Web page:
Imagine not knowing where your child is or who they are with. On any day, this is unsettling.
But what about on Halloween? A day when children approach strangers’ homes to get free candy can be scarier than all the costumes and haunted houses put together. That’s especially true for parents who are, for the first time, allowing their children to trick-or-treat with a group of friends not accompanied by an adult.
Luckily, there are a number of smartphone apps and other resources that can provide parents some reassurance and help ensure that this rite of passage remains all in good fun.
Eric Larson, retail manager for U.S. Cellular Northeast Wisconsin, said the smallest precautions, ones that can be applied to even the most basic smartphones, are most important.
“For example, parents can set up alarms on a child’s phone for periodic reminders to check in,” Larson said. “Parents should also program phone numbers into their child’s phone as In Case of Emergency.”
Numbers labeled as ICE make a contact search much easier. Instead of typing a full name or entire phone number, all a child has to do is input important letters to narrow their search.
Larson said law enforcement is familiar with the code and often searches phones for these numbers.
In addition, the flashlight function works great for night visibility, he said. The app is free and available for both Android and iPhone.
Family Locator is a free app that tracks phone locations to help parents keep tabs on family members. Parents can see kids’ locations in real time and receive notifications when they reach their destination.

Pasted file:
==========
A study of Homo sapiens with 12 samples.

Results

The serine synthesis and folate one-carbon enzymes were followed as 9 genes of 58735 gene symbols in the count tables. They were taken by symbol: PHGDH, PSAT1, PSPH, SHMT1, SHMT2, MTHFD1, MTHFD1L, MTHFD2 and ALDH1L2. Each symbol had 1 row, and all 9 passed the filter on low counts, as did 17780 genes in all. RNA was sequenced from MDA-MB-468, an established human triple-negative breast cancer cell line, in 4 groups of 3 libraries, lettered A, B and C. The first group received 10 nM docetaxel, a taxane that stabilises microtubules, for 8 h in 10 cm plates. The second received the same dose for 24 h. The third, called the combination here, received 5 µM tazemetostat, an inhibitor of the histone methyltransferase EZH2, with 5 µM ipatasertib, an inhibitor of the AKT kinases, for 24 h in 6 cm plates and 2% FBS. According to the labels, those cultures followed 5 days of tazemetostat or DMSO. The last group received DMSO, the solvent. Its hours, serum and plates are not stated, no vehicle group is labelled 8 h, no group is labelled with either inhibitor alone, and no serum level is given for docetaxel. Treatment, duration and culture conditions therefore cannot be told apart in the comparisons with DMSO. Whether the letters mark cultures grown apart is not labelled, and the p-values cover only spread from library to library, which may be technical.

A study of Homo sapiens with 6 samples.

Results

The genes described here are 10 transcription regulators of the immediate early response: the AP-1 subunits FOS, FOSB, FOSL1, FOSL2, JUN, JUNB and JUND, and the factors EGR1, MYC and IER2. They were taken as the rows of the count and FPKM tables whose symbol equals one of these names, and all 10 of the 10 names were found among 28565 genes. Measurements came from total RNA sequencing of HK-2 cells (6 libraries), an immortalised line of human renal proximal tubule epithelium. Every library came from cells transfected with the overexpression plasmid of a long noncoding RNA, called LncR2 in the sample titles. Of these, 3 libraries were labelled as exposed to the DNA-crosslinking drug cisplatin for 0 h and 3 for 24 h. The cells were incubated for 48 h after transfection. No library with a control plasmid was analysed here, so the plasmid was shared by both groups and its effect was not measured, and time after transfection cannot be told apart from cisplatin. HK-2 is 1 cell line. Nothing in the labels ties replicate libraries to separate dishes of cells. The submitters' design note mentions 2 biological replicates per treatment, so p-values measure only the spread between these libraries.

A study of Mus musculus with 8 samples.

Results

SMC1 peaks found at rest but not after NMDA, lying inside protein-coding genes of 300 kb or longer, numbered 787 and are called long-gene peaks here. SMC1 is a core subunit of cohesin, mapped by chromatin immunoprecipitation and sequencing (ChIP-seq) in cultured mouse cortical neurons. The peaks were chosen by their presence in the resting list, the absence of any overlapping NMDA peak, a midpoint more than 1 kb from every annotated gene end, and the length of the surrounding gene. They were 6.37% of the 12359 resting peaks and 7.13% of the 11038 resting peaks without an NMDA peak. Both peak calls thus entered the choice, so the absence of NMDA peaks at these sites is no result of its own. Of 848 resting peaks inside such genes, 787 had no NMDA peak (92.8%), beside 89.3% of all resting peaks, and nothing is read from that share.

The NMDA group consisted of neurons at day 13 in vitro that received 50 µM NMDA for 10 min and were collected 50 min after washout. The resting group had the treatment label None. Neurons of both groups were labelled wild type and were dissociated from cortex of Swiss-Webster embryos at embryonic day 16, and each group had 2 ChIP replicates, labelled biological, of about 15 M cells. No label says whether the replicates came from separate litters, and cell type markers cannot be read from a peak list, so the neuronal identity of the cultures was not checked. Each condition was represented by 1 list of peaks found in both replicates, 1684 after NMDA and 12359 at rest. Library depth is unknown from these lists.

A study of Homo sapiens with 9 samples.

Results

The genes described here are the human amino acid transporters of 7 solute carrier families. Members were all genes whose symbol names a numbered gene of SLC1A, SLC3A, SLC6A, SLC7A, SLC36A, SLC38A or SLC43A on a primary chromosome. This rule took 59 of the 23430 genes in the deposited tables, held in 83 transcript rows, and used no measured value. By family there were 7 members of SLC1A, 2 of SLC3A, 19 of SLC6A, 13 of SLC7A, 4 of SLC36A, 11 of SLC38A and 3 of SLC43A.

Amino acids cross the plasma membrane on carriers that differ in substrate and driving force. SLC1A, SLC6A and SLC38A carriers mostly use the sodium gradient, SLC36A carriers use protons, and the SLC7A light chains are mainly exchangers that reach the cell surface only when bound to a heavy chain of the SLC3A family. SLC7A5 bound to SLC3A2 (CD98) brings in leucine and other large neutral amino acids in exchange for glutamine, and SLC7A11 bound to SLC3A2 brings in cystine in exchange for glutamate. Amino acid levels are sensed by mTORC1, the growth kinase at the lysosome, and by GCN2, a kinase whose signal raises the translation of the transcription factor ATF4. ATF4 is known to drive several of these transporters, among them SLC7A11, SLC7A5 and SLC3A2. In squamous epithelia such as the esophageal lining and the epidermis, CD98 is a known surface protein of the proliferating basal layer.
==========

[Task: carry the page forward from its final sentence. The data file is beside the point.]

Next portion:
The Red Panic Button app is specifically designed for emergencies. A press of the button sends a text message and email that contains a link to Google Maps along with the child’s GPS coordinates to everyone in the panic contact list. There are variations of this app. Some versions are free while others cost $2.99 a month.
FBI Child ID is a free app that provides tools in case a child goes missing. Features include convenient electronic storage of photos and vital information about a child so parents can show pictures and provide physical identifiers to first responders. It also easily emails information to authorities.
“Life360 is perfect for those situations when a child is not supposed to cross a certain street,” said Melanie Skalmoski, Green Bay Police Department crime prevention coordinator. “With this, you can see it happen and take the necessary next steps.”
Larson said he hopes families don’t just use these apps during Halloween, and that they become a regular element of family safety precautions.
“As a parent of five children, these resources mean a lot to me,” Larson said. “My best advice is to make sure kids know exactly how to use them and emphasize the importance of each one.”
Other safety tips
Green Bay police Lt. Matt Cain said while technology provides countless safety tools, parents and children should not forget the essentials.
Some tips include wearing reflective clothing, trick-or-treating only during specified hours, traveling in groups and staying on sidewalks to avoid vehicles.